Exclusive Taj Mahal Tour Packages to witness memorial of love
The Taj Mahal is not only the most visited mausoleum of India, but also one of the most impressive monuments on earth. “Monument of immortal love” was built by the Mughal Emperor Shahjahan in memory of his beloved wife Arjumand Bano Begum (also known as Mumtaj Mahal), after she died at 38 during the birth of her 14th child. Altogether 20,000 workers toiled 20 years in order to complete one of the World’s Seven Wonders in 1653.
Shahjahan chose spot along the Yamuna River where he met his wife at the young age of 14. He called it “love at first sight” and was compelled to purchase the land from the King of Jaipur, Raja Man Singh. Shahjahan invited architects from France, Italy and the Far East to work together and create this magnificent architecture. While never documented, it was assumed the master builder was Ustad Ahmad from Lahore.
The enormous costs of the construction allowed Shahjahan’s power-hungry son Aurangzeb to legitimize the downfall of his father. During his fifty-year reign, Aurangzeb led a fanatical expedition against Hindu sanctuaries and kept his father Shahjahan imprisoned in the red fort of Agra, where he spent the last eight years of his life with the view of the Taj Mahal.
Originally the same building, but in black marble, was to be built on the other side of the river as Shahjahan’s mausoleum. However it was never completed as he sat in the Red Fort under house arrest by his son until he died. Architects recently uncovered the foundations of the black Taj Mahal proving that Shahjahan did start construction on it.
The Taj Mahal is made from materials brought from across India and as far away as Asia. The marble was brought from Makrana, about 100 miles from Agra near the city of Jaipur. Over 1,000 elephants and 3,000 camel carts were requisitioned for the transport of the building materials. Twenty-eight different types of precious stones and semiprecious stones such as mother of pearl, malachite, lapislazuli, jasper, turquoise were inlayed in the marble. The color scheme, material, ornamentation, and proportions were based on the principle of perfect symmetry.
When you stand and look at the Taj Mahal you will see three huge gates located at the east, west and south directions. While these powerful entrance gates were used to protect the site, they were used mostly to separate the outside world from the spiritual world within the mausoleum. The calligraphy on the gates states the spiritual purpose of the entrance gates. Through the gates, visitors see the lush gardens that the Mughals, who came from the desert-like regions of Asia, considered the essence of paradise.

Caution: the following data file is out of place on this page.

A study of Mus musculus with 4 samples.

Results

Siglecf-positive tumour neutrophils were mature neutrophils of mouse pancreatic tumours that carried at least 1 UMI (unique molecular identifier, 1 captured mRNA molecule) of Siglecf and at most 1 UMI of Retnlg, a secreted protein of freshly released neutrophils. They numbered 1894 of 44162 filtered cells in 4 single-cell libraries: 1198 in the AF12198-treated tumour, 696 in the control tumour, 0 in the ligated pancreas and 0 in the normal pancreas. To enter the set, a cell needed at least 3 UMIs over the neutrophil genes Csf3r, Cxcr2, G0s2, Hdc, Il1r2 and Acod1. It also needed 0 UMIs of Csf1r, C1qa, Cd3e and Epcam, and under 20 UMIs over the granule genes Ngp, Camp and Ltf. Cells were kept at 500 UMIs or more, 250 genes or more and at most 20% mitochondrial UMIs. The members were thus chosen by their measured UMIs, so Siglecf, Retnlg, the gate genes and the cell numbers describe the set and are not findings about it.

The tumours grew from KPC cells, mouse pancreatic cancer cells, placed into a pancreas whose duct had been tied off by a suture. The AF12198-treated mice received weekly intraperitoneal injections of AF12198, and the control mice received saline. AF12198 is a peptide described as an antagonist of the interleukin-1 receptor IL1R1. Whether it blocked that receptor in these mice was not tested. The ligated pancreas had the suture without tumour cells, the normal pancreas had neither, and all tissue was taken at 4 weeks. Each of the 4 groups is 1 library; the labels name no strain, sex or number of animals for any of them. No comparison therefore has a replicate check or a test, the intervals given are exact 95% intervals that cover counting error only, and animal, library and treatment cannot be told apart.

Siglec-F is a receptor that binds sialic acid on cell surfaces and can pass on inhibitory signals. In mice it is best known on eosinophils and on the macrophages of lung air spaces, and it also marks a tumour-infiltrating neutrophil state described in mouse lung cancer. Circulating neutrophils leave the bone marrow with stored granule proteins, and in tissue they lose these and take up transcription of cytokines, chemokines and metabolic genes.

Today, the lush gardens still look like paradise to visitors who come from around the world to stand in awe at the majestic site. The Taj Mahal with its vibrant white marble appears to hover as visitors look through the dark interior of the entrance gate.
The marble platform placed in the middle of the reflection pond serves as a desired location for photography. Many famous guests including Heinrich Lübke, Lady Diana, Prince Charles and Hillary Clinton were photographed with the Taj Mahal in the background. Today Punjabis, Sikhs, Ladakhis, Rajasthanis, Kashmiris and Tamils are photographed in front of the dreamlike scenery.
Once you enter through the gates, you will see there are two identical buildings flanking the Taj Mahal with their red sandstone facades and marble domes. The building on the west is a mosque, which was used by Shahjahan for worship, when he spent most of his time in the compound. Every Friday the Taj Mahal is closed so Muslims can worship in the mosque which is aligned to the west towards Mecca, the holy place of Muslims. The second sandstone building on the east side of the Taj Mahal was built just to maintain the symmetry. The eastern building was built purely for aesthetic reasons. So the Taj Mahal would not lose its magic, both buildings were not built out of white marble but the red sandstone.
The Taj Mahal itself stands on a 60-foot-high marble platform, with a high minaret at each of the four corners. These minarets are slanted by two degrees, so they do not fall on the main mausoleum during any natural calamity such as an earthquake or flood. In addition, the slant of the minarets gives a unique harmony in the total composition of the Taj Mahal which has architectural resemblances to the grave of Humayun in Delhi built 100 years before the Taj Mahal.
The two sarcophaguses of Shah Jahan and Mumtaz Mahal are in a vault beneath the central main room. The graves, similar to the original ones, were placed in the other room above the vault not only to mislead tomb raiders, but to allow citizens to worship the graves, while maintaining a distance between the citizens and ruler. The cenotaph of Mumtaz lies exactly in the center and the cenotaph of Shahjahan which is bigger, lies on the left side. Both are marble cenotaphs inlaid with precious and semi-precious stones.
Not only is it magical when you stand outside of the Taj Mahal, but also when you stand inside. The sun shines through the filigree-worked marble windows-creating a magical atmosphere that will be an once-in-a-lifetime experience you won’t ever forget!